Canada's Industry FAQ

Why are the oil sands so important the industry? What's happening across Canada? Find the answers to the most frequently asked questions.

What are the oil sands?

Oil sands are a mixture of sand, water, clay and bitumen. Bitumen is simply oil that is too thick to flow or be pumped without being diluted or heated. Canada’s oil sands are found in three deposits – the Athabasca, Peace River and Cold Lake areas in Alberta and part of Saskatchewan. The greatest quantity is found in the Athabasca deposit.

Why are the oil sands so important to the industry?

Canada’s energy future lies in the oil sands. Our country possesses approximately 171 billion barrels of oil that can be recovered with today’s technology. Of that number, 165 billion barrels are located in the oil sands.

What are the main issues related to oil sands development?

We understand that Canadians are concerned about oil sands development, and expect that our industry will manage the resource responsibly. The oil sands have generated much public debate, and with that, some misinformation. It's important to separate fact from fiction, to ensure we all know and understand the truth about oil sands development. There are a number of environmental issues in the oil sands, all of which require a commitment to technology and innovation to overcome.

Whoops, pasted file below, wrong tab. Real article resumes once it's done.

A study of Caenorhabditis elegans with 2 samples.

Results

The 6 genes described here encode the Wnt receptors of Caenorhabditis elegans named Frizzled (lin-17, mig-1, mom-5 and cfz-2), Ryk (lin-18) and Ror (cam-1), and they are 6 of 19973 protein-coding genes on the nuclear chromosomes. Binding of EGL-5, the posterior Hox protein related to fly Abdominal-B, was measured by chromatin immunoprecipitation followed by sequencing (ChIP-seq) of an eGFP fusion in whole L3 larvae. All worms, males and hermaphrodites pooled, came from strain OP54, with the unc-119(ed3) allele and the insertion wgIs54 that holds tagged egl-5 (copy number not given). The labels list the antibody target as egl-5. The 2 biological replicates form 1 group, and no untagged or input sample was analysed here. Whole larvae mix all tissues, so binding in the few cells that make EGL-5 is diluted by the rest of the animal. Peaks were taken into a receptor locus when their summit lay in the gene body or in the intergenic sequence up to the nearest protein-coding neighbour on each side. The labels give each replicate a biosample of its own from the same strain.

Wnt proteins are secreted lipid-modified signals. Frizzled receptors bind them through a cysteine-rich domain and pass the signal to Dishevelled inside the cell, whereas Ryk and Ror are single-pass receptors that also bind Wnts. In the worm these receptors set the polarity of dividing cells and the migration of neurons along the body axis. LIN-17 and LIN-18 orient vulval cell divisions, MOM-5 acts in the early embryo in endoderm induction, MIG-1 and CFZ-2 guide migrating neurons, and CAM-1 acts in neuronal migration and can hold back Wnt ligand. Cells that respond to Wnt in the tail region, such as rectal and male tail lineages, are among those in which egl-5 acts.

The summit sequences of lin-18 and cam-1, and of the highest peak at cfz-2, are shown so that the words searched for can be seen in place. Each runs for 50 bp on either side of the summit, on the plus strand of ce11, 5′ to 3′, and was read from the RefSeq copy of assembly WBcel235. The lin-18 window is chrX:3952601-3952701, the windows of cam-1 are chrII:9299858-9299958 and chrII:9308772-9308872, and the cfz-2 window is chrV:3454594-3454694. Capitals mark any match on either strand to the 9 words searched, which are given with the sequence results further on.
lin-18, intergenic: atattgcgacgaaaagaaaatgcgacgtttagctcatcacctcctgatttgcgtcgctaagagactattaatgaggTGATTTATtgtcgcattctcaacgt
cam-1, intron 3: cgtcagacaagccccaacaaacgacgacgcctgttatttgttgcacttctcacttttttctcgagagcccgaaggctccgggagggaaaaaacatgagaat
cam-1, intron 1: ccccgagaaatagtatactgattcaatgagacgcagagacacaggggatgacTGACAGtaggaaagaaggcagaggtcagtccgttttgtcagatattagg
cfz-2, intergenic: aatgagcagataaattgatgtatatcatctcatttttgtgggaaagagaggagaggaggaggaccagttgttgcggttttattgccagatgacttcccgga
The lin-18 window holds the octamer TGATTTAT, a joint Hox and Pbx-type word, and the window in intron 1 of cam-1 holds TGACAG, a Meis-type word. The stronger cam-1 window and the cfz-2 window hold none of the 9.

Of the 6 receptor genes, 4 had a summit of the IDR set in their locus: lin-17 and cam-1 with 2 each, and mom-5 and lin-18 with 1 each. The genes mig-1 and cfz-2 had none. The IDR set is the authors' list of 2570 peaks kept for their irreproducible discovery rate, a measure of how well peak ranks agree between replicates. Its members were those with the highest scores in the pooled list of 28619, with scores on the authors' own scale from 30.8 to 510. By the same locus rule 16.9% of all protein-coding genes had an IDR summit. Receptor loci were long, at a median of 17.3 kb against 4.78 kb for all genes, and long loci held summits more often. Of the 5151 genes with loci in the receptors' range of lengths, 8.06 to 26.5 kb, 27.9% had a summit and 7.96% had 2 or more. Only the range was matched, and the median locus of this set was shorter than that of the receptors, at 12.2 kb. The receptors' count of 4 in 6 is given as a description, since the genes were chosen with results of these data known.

What is natural gas?

Natural gas is a form of energy that most Canadians use daily to heat their homes. It is also often used for household appliances, climate control systems and some vehicles, such as those that run on propane. There is a wide variety of natural gas types, with various types in different formations across the country. British Columbia, Alberta, Quebec, Nova Scotia and the Northwest Territories all have significant natural gas resources.

What is our oil resource?

We all use oil in our day-to-day lives. Oil can be mined or pumped to the surface using various extraction techniques. From there, it is transported through pipelines to refineries where it is upgraded into products like the gasoline we fill our cars with, jet fuel as well as heating oil. Other by-products of crude oil include: clothing from synthetic fabrics, circuit boards, carpeting, deodorant, shampoo, electrical insulation, toothpaste, pill capsules and pharmaceuticals.